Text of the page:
Antigua wasn’t Guatemala’s first colonial capital – that honour goes to nearby Iximche – but, from 1543 to 1773, it was both capital of the nation and the most important city in Central America. In these 200 plus years Antigua grew in size and grandeur with numerous, lavish private and public buildings being constructed including, at one stage, some 38 churches.
All that came crashing down, literally, on 29th July 1773 when Antigua was devastated by a huge earthquake. Incredibly, this was far from the first such earthquake in the city’s history – there were over a dozen previous occasions – but it was by far the worst. The decision was made to move the capital to current Guatemala City and, in effect, leave Antigua to die a natural death.7
Fortunately for today’s visitor, it’s hard to put a great town down and Antigua was never entirely abandoned. Although Guatemala City grew in size and importance, Antigua too began to grow again and much of it was restored during the 20th century…..only for yet another major earthquake to hit in 1976.
Thankfully there have no further major earthquakes in Antigua and, in support of its restoration plans, it was declared a UNESCO World Heritage site in 1979.
Today, Antigua is the single most popular visitor destination in Guatemala and one of its major attractions are the scars of its previous travails. Despite the severity of the earthquakes that it has been forced to endure, many of the grand public buildings that were in place at the time were very badly damaged, yet never completely collapsed. As a result, Antigua is awash with the atmospheric ruins of its colonial past.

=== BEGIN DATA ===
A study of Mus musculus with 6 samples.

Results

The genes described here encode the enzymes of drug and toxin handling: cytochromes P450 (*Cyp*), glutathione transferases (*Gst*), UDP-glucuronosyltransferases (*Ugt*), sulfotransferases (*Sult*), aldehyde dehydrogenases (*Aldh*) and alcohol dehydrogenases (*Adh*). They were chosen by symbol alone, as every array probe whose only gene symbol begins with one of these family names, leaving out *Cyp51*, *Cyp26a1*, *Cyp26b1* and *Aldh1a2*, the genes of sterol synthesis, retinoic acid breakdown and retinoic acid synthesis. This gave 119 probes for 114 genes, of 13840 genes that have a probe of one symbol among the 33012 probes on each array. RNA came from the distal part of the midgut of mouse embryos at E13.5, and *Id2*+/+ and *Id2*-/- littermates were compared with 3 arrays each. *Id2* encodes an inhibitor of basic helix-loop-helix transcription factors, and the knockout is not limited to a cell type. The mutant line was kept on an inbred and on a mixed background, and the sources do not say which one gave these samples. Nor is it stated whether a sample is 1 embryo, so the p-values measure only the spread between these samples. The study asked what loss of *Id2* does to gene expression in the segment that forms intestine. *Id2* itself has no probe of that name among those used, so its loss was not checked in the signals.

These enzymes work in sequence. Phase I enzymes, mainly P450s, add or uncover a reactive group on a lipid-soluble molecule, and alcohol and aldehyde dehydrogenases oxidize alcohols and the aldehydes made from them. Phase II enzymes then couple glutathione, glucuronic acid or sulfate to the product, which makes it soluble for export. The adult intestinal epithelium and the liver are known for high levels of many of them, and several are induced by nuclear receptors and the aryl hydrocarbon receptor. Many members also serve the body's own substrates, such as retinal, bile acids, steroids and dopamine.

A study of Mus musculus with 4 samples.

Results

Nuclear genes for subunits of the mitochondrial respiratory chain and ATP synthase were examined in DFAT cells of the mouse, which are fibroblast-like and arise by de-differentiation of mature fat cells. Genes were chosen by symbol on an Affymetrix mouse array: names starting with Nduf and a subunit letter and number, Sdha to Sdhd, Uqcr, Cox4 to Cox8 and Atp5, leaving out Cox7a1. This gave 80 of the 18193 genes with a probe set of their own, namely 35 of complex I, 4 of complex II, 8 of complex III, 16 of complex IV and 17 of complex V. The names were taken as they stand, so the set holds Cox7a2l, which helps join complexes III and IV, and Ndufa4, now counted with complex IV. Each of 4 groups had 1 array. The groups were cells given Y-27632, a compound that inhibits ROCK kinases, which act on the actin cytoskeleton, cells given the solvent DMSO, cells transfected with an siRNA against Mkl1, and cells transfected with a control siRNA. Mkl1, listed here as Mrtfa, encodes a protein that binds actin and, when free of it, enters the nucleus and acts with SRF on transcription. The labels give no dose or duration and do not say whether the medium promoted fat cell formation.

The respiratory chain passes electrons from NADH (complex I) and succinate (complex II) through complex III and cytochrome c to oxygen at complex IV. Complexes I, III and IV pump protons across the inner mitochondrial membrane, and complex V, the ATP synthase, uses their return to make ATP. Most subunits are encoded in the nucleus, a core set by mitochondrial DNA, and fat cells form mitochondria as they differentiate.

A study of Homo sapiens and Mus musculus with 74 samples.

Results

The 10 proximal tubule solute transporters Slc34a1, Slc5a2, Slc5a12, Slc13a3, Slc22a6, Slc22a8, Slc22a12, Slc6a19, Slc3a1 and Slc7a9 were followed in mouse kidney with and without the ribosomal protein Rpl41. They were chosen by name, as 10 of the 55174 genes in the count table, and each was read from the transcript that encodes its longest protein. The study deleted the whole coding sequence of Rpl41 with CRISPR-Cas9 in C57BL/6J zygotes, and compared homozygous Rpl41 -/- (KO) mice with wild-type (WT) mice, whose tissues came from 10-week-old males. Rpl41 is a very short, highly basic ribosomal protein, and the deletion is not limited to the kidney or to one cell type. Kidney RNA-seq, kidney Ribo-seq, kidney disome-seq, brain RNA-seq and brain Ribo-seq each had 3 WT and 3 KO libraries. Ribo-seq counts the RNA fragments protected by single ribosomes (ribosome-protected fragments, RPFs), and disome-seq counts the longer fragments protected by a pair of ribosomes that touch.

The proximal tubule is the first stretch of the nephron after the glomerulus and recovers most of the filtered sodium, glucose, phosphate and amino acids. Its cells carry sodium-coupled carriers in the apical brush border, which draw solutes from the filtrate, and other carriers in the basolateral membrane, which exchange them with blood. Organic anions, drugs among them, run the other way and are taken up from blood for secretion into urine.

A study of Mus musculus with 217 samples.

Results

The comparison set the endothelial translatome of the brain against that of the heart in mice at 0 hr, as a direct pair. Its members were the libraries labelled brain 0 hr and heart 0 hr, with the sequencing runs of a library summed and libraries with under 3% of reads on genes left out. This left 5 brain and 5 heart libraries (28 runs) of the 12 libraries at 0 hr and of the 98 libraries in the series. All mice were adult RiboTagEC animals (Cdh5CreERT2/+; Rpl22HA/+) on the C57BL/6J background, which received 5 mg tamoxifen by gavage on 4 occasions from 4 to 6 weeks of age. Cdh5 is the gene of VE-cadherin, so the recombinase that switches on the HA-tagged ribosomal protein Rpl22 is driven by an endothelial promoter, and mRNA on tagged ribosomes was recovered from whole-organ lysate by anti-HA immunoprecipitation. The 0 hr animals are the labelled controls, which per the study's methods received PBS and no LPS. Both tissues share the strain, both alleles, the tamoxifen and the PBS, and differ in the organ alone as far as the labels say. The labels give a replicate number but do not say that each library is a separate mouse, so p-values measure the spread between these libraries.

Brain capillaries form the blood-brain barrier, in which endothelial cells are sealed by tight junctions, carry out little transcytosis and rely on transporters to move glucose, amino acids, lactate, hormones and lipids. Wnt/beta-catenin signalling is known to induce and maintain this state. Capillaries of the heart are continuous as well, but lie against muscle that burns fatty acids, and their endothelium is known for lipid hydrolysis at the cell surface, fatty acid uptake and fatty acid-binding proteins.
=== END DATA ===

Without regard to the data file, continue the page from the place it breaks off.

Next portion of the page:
Many of these ruins are still standing, just, but are unsafe for visitors to wander around; being hit on the head by falling masonry would not be good for Antigua’s image. Even so, just to see these ruins from the outside is a real pleasure.
Better still, there are a number of ruins which you can safely enter (tickets required). Perhaps the single most impressive example, certainly in terms of scale, are the ruins of Santiago Cathedral. Located next to Antigua’s Parque Central, this huge cathedral was constructed in 1545 but brought down by the earthquake of 1773; how the remaining walls have lasted upright since then is little short of a miracle.
Perhaps the most beautiful ruin, now extensively renovated, is Convento de Capuchinas, a convent that was also so badly damaged in 1773 that it was abandoned by its resident nuns. The gardens are a wonderful place to sit on the grass and ponder what life must have been like before and after that fateful day.
Finally, why not combine one of Antigua’s many ruins with somewhere to stay? The Convento de Santo Domingo was a Dominican monastery that was also abandoned and left to decay before finally being bought as a private home by an American archaeologist and extensively restored; it was then taken over again to become the Santo Domingo Hotel, surely the most atmospheric such hotel in a town full of such properties. Non-guests can visit part of the site for free, other parts require a ticket.